As prepared for delivery:
Thank you very much, Ron. On behalf of the Bipartisan Policy Center, we’re very glad to be cosponsoring this event with Brookings on such an important issue for the future of our country.
A few months ago, 12 “super” members of Congress set sail on a “super” ship ? their course had been charted, the hull and the rigging were brand new, and the only task those sailors had was to work together to get that ship across the Sea of Debt. For a while, it looked promising. Democrats took steps forward on healthcare and some Republicans crossed their line in the sand on taxes. But eventually, the vessel ground to a halt, and before it started taking on water, the crewmembers on both sides jumped ship. None of them wanted to be stuck on that baby when it sunk, and for good reason. So the Democrats donned their life preservers with big “Ds” on them and Republicans put on the big “Rs.” All of them swam safely to shore as the Ship of State foundered.
The problem is that while both parties may have come away unscathed, America’s economic and fiscal woes have clearly not disappeared with the sinking of that ship. The economy is still sluggish, and the central drivers of our debt went untouched.
Medicare and tax reform remain the cornerstones of real fiscal reform. The plan that you will hear about today, Domenici-Rivlin defined support, is a policy that will fundamentally reform Medicare to control its costs while keeping our promise to seniors. And this coming February, the Bipartisan Policy Center’s Debt Reduction Task Force will be hosting a major event focusing on tax reform and the critical role it plays in restoring our fiscal health.
The framework for a grand bargain is already done. There’s Domenici-Rivlin, Simpson-Bowles, and the Gang of Six ? each of which saves somewhere around 4 or 5 trillion dollars over the decade, and much, much more thereafter. If you don’t like a policy from one, then you can grab a replacement from another, but these three consensus plans tell the same story: We will not have a solution until we fundamentally reform healthcare to control its costs and we overhaul the tax code to raise significant new revenues. There are other smaller components to deficit reduction, but as I’m fond of telling people, if you show me a plan, and your plan is missing one of those two big ones, then I’ll tell you “you don’t have a plan.”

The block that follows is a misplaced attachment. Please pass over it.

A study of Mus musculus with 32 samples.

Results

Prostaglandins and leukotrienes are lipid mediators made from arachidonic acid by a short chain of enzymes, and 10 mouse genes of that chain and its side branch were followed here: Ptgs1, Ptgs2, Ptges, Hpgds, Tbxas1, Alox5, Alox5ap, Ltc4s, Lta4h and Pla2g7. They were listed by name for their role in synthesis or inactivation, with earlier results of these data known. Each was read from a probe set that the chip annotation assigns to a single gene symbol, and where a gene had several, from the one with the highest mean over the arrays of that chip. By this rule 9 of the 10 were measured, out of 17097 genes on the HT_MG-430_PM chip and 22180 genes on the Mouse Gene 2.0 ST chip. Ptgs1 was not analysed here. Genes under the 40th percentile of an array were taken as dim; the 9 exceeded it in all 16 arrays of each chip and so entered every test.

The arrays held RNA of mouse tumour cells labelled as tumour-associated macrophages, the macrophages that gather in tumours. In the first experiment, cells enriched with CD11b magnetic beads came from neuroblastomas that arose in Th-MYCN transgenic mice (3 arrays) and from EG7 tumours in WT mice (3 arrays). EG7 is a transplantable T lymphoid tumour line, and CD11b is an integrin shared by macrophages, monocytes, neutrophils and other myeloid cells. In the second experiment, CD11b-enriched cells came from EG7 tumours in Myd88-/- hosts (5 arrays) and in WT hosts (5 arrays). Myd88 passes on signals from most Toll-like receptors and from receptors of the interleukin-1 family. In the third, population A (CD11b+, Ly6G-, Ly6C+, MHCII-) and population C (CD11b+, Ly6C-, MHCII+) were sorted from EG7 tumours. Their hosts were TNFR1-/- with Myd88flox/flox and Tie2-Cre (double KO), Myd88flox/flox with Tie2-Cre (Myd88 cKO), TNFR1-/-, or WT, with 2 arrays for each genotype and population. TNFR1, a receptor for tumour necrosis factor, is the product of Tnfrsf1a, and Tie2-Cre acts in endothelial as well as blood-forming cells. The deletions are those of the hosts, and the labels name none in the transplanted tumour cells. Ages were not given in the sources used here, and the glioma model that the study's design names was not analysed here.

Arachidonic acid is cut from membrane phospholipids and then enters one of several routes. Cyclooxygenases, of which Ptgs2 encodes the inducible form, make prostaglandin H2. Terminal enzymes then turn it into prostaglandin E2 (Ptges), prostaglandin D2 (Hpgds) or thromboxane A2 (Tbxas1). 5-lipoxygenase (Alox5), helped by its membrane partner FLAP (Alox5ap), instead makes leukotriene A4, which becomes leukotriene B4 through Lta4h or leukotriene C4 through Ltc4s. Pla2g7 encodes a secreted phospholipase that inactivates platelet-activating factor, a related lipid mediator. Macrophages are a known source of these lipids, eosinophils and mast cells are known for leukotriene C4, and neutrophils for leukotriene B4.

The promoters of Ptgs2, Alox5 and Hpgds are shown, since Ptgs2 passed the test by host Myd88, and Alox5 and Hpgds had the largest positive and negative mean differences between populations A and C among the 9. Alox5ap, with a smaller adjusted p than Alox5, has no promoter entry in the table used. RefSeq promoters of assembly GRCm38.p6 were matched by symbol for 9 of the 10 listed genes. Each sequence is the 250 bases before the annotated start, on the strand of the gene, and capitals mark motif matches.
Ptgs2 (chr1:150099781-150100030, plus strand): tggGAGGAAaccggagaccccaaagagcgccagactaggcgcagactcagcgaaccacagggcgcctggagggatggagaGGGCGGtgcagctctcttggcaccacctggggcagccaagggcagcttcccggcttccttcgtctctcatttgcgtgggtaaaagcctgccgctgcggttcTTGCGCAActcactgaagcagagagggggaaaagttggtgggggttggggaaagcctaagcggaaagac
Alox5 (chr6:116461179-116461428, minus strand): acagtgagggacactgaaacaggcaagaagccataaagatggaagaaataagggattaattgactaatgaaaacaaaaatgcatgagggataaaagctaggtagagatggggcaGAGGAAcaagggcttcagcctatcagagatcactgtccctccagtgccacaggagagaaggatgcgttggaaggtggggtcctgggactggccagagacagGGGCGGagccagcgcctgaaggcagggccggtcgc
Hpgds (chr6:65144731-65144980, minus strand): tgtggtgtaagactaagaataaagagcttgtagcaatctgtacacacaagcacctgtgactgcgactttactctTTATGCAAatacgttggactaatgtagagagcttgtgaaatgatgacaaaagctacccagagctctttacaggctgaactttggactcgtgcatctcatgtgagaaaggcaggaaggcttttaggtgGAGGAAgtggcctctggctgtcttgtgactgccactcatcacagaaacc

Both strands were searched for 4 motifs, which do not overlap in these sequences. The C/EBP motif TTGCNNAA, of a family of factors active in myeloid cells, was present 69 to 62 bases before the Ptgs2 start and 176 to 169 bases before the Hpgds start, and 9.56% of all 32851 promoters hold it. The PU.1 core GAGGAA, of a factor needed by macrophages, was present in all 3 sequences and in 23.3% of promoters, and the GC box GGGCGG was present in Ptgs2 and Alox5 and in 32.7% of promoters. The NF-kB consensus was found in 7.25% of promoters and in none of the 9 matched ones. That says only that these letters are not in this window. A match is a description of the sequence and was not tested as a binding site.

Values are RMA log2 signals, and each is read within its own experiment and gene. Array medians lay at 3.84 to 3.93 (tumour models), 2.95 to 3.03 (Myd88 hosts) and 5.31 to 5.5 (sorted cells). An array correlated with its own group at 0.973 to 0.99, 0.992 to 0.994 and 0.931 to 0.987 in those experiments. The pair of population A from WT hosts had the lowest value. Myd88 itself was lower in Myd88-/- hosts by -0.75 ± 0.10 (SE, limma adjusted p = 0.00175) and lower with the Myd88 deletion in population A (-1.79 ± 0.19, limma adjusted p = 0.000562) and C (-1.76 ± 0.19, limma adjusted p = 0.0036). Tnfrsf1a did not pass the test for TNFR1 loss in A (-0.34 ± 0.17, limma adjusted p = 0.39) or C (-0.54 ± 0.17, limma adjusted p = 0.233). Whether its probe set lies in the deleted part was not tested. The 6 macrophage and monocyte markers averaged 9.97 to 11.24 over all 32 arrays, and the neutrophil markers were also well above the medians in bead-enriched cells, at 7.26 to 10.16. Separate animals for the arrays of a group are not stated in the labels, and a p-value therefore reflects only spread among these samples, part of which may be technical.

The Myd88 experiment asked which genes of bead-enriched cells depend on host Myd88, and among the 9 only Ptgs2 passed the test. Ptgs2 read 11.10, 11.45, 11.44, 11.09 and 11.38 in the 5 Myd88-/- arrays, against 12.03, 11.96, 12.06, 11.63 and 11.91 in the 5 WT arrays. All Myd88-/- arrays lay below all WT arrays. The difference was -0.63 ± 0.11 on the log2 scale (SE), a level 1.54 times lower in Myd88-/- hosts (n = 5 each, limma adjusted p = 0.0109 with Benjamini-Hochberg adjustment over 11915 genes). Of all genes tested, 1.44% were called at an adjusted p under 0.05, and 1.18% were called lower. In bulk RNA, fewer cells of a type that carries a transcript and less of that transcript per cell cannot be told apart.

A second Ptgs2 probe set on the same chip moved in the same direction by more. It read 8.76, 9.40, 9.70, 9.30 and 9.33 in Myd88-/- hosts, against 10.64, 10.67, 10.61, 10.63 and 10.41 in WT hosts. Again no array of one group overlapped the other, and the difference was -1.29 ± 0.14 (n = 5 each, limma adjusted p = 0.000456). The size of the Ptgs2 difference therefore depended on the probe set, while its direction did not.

Furthermore, the strategy for tax reform is clear. There is broad agreement that we must enact a more pro-growth and progressive system by lowering the rates, but at the same time modifying or eliminating the loopholes and other junk that has been stuffed into the code over the years. The Task Force that Alice and I co-chaired was able to raise substantial revenue to pay down our debt while getting the top individual and corporate rates down to 28 percent. It is doable, and it isn’t rocket science.
But that is not the focus of our gathering today. Just as important as revenues ? and some of us would argue, even more important ? is the necessity of dealing with this very chart. I don’t leave home without it.
Part of the reason for that line’s steep trajectory is the retirement of the baby boomers. No one can prevent that from happening, and that is the primary reason that we will need more revenue. Providing Medicare for 80 million seniors a few decades from now will inevitably cost more than today’s 50 million.
But what we can ? and absolutely must ? address is the continued explosion in cost growth per beneficiary. The defined support plan that we are here to discuss today does just that. Over the long run, those costs are what drive healthcare up, up, and away, making it totally unsustainable.
Our proposal would strengthen traditional Medicare by permanently maintaining it as an option for all of our nation’s retirees. At the same time, the new system would expand choice for seniors by allowing the private sector to compete with Medicare. This will bring seniors better-quality and more-affordable health care choices.
Our approach will utilize the best tools and strategies from both parties. For those who believe in the power of the Affordable Care Act, all of those delivery system reforms will remain in place to control costs in traditional Medicare. For those who believe in the power of the free market, the exchanges in our plan will harness that competition to make healthcare more efficient.
Chairman Ryan and Senator Wyden came out yesterday in support of these principles, and we commend them for their proposal and their bipartisanship. That is the type of serious policymaking that we’ll need to get us out of this fiscal mess. We hope that they will continue to prod their colleagues on this proposal, as well as revenue-raising tax reform, in order to restore America’s future.
Alice Rivlin, my dear friend and respected colleague, with whom I have greatly enjoyed working over these past two years, will now share some more details and rationale for our Medicare proposal.